The Unforgivable might not offer anything that Netflix has never served us before, but its layered story and ferocious lead performance keep it alive.

With The Unforgivable, director Nora Findscheidt has crafted exactly the kind of film that you’ll watch one weekend afternoon when you’ve got nothing better to do, and then never really think about it again – and whilst this isn’t the most glowing compliment one can give to a film, it does what it sets out to do pretty effectively. It quickly develops an interesting story, draws you in with its high stakes and excessive melodrama, and rushes through at breakneck speed to its thrilling finale – then roll credits. It’s two hours of conventionally entertaining storytelling that more casual audiences are likely to lose themselves in for a short period of time, even if it probably won’t leave the longest impression.

Based on the 2009 miniseries The Unforgiven, the film follows troubled ex-con Ruth Slater (Sandra Bullock, of The Lost City) as she attempts to reintegrate into the real world following her release from prison, seeking redemption for her crimes by searching for the sister she left behind. The film draws a lot of its intrigue and mystery from the character of Ruth, who lives her life with plenty of secrets and ulterior motives which gradually become clearer and clearer to the audience as the film progresses. There are plenty of interesting subplots that keep the momentum moving forward throughout, but it’s the scenes with Ruth and her journey that really keep us invested – despite the film’s many unsuccessful attempts to make us care about these somewhat empty and underdeveloped side characters.

The most glaring explanation for the film’s tendency to underutilise and underdevelop everything which isn’t crucial for the main story is its status as a TV adaptation. It’s incredibly difficult to translate the content and pacing of a series to a feature film, and The Unforgivable doesn’t quite make the changes and compromises necessary to uphold a suitable structure or narrative. Everything feels extremely rushed, the side-characters don’t feel important, and the unravelling of the central mystery in the third act is pretty underwhelming when you sit back and consider just how impactful it could have been, if given time to connect and empathise with these characters. It makes it even more disappointing that such an immense acting force like Viola Davis – whose performance here is expectedly phenomenal – is seemingly wasted on a character that doesn’t incite any real interest in the audience. It’s not that any part of the film is outwardly or insultingly bad, but its unwillingness to sacrifice any of the source material in favour of a more coherent screenplay turns it into a graveyard of wasted opportunities.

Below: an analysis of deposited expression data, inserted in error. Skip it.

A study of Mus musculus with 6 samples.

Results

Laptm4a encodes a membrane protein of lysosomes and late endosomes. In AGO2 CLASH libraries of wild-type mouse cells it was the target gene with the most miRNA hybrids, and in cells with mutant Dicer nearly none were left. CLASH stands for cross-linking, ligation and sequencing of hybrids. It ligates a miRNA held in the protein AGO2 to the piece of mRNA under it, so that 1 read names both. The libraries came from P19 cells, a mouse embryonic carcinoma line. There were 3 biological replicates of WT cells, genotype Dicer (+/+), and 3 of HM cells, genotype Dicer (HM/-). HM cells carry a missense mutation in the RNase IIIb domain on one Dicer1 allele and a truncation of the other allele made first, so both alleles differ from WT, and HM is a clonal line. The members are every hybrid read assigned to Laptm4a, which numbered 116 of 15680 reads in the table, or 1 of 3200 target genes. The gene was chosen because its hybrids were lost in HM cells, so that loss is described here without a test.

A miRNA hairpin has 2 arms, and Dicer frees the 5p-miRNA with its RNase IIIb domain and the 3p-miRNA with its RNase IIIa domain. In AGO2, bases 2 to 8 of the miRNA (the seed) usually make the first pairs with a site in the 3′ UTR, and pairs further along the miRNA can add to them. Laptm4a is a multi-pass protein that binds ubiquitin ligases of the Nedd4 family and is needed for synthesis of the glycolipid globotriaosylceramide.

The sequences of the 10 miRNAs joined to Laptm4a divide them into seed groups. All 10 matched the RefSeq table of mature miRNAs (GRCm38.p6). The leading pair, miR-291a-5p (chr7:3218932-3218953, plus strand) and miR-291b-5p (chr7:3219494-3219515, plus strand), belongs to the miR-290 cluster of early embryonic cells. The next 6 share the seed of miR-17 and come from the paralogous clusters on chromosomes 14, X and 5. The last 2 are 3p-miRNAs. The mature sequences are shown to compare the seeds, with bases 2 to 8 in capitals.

Easily the biggest strength of The Unforgivable, however, is Sandra Bullock. She brings everything she’s got to this role, and elevates the character so far above merely what is written on the page. Every second of screen time that she gets is perfectly unsettling and arresting, and the way that she sinks both her physicality and mentality deep into this character makes the story so much more compelling than it would have been without her. The moral ambiguity and unclear intentions of her character are what keeps the audience invested when the story starts to grind to a halt, and her restrained performance captures all of this internal conflict in a way that only a veteran actress like herself could accomplish. It’s a true achievement, and it’s definitely the aspect of the film that will continue to be talked about after the initial intrigue wears off. 

It may be lacking that refreshing sense of originality that is often the key to bringing stories like this to life, but The Unforgivable is still a success for the most part. It’s exactly the kind of low-concept thriller that we’ve grown to expect from Netflix – simple, grounded and entertaining. It’s not the kind of movie that’s going to revolutionise your life, or change the way you look at cinema, but it’s perfectly fitting for a quick weekend watch when other options are running dry. 

The Unforgivable: Trailer (Netflix)

The Unforgivable will be released In Select Theaters November 24 and on Netflix December 10, 2021.